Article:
You are in the early stages of planning a health literacy conference, training session, or special meeting. You are thinking about inviting an outside speaker who can add something extra to your program. Before extending a formal invitation, it helps to have a sense of how you and the speaker might work together. Here are some questions to consider.
- What is the goal of your event? Is it to introduce newcomers to health literacy? Teach a skill? Gain support for a new program or initiative? Celebrate success and honor excellence? Or brainstorm what’s needed and next? The speaker’s expertise and presentation style should support one or more of your identified goals. But please be realistic, as one speaker alone can nearly never accomplish everything on your wish list.
- What is something extra that this speaker can bring? Do you want a recognized expert who brings an outside voice and adds credibility? An everyday person who will share experiences about struggling to understand health information? A speaker similar to your audience who can talk convincingly about challenges and lessons learned? Or do you want someone to inspire the audience with a compelling story or dramatic flair? Beyond basic facts, find out what else the speaker can bring to this program that is useful, unique, and inspirational.
- How can you assess if the speaker will be a good match for your meeting? Find out if someone you know has heard this speaker in person. If so, what makes the speaker good? If not, does the speaker have a video you can watch or podcast to listen to? That’s a great way to sample his or her presentation style. Some conference planners find potential speakers by listening to my Health Literacy Out Loud podcasts.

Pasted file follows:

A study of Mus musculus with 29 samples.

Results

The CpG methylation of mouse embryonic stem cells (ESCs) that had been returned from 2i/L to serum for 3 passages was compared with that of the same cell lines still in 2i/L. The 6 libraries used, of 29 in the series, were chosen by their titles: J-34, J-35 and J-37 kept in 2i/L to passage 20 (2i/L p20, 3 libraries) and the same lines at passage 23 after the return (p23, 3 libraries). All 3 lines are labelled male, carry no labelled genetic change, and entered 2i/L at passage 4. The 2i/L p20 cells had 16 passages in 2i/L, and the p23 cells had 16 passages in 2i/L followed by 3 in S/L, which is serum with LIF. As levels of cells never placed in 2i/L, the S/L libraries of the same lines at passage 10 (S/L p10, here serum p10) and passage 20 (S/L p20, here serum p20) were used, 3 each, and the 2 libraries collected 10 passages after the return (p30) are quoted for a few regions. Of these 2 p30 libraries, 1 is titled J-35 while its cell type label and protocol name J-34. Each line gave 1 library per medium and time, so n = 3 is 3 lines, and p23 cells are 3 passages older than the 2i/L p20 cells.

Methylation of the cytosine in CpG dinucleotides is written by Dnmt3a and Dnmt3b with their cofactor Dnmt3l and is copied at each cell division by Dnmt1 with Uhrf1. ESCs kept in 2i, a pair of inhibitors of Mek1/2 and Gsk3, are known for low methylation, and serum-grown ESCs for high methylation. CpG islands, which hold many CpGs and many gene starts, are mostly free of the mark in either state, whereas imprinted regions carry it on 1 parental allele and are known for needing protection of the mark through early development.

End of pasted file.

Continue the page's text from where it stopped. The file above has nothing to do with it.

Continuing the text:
- How can you collaborate with the speaker? While an outside speaker of course brings subject matter expertise, is he or she also willing to adapt information for your program? For instance, does your audience learn best by formal presentations, small group activities, or a facilitated discussion? In my many years as a health literacy speaker, I always plan presentations collaboratively with the person who invited me. Everyone benefits that way.
- What about fees, time, and other business basics? Admittedly, this can be the least fun and most awkward part of your conversation with a potential speaker. But it’s essential that you both understand and agree to business basics. Talk frankly about the speaker’s fee (if any), travel reimbursement, time commitments, and requests for additional services. Beyond the program itself, when onsite I always like getting together informally with the meeting planner and perhaps the committee. After all, we’ve worked hard to create a great health literacy program.